The applicant, a Bangladeshi national, claimed asylum in Ireland. He denied ever having been outside Bangladesh before travelling to the State and said that he had never applied for asylum anywhere. He failed to disclose previous asylum history in other EU Member States. The Refugee Applications Commissioner made a request for information to the United Kingdom authorities pursuant to Article 34 of Regulation (EU) No. 604/2013, (“the Dublin III Regulation”). This disclosed a previous immigration history in the United Kingdom, which the applicant accepted was correct.
A decision was then made by the Commissioner that the United Kingdom was the responsible Member State for examining his application under art. 12(4) of the Dublin III Regulation. The applicant issued proceedings and obtained leave ex parte to challenge the decision of the Refugee Appeals Tribunal, affirming the decision of the Commissioner that the United Kingdom was responsible for dealing with his application. He sought an interlocutory injunction enjoining the Minister for Justice from transferring him to the United Kingdom.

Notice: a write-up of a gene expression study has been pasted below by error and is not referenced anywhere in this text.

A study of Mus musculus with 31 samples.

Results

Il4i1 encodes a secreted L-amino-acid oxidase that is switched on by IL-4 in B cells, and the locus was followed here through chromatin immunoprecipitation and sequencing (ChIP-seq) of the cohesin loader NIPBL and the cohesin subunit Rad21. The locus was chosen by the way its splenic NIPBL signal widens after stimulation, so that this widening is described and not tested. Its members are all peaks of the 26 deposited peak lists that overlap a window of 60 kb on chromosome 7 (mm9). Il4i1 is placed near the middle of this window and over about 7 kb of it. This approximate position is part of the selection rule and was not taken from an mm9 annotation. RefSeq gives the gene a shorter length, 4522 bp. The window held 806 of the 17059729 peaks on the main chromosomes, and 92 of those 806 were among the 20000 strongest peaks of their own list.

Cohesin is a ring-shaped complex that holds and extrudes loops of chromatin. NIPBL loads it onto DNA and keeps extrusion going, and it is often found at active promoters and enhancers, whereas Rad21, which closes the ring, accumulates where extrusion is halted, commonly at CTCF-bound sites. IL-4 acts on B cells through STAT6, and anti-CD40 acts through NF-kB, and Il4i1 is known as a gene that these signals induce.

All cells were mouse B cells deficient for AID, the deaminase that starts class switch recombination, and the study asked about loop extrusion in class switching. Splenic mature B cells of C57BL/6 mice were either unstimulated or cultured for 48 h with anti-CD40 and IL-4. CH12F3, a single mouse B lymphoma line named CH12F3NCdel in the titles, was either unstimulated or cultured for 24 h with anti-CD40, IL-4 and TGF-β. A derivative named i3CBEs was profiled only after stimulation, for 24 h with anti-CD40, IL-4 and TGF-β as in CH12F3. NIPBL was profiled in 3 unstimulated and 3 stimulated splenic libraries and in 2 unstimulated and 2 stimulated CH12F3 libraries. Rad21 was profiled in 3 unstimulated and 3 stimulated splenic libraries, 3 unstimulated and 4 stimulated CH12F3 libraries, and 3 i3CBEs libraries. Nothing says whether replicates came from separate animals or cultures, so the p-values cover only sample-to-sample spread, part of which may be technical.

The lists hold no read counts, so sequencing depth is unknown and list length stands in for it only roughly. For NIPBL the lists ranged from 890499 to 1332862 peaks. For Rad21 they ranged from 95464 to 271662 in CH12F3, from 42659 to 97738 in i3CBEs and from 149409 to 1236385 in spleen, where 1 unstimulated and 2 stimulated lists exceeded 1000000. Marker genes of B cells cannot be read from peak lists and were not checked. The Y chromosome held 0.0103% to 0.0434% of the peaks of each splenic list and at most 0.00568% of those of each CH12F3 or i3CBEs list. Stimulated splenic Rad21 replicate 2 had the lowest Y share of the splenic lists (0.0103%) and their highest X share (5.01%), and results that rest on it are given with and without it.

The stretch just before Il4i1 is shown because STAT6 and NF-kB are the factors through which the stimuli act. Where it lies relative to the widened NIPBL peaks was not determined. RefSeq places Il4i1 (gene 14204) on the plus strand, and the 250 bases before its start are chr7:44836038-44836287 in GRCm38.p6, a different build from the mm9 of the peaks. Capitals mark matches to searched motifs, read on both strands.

The court refused to grant the injunction sought.
First, it rejected his contention that, by virtue of Article 29(1) of the Dublin III Regulation, the Minister was required to transfer him to the United Kingdom at the latest within six months of the British authorities’ acceptance of the “take back” request. It held that his appeal to the Tribunal operated to suspend the six months time-limit, which began to run from the date of the decision of the Tribunal.
It also rejected his argument that his proceedings constituted a “review” within the meaning of Article 27(1) of the Dublin III Regulation and that he was entitled to remain in the State pending their outcome. It noted that, under the Dublin III Regulation, the State was obliged to provide an effective remedy against a transfer decision. The remedy was an appeal to the Tribunal. No part of Article 27(1) required the State to provide, in addition to an appeal or a review, a further level of appeal or review. Thus, the availability in Ireland of judicial review to challenge a decision on an appeal was not a requirement of EU law but purely a matter of domestic law provision.
In those circumstances, the application for an interlocutory injunction fell to be determined in accordance with the decision of the Supreme Court in Okunade v. Minister for Justice  3 IR 152, which indicated that prima facie valid orders, including transfer orders, were to be given effect. There was nothing to indicate that this should not apply in the applicant’s case and no harm would come to him from having his asylum application dealt within the United Kingdom.
The court therefore refused the injunction sought.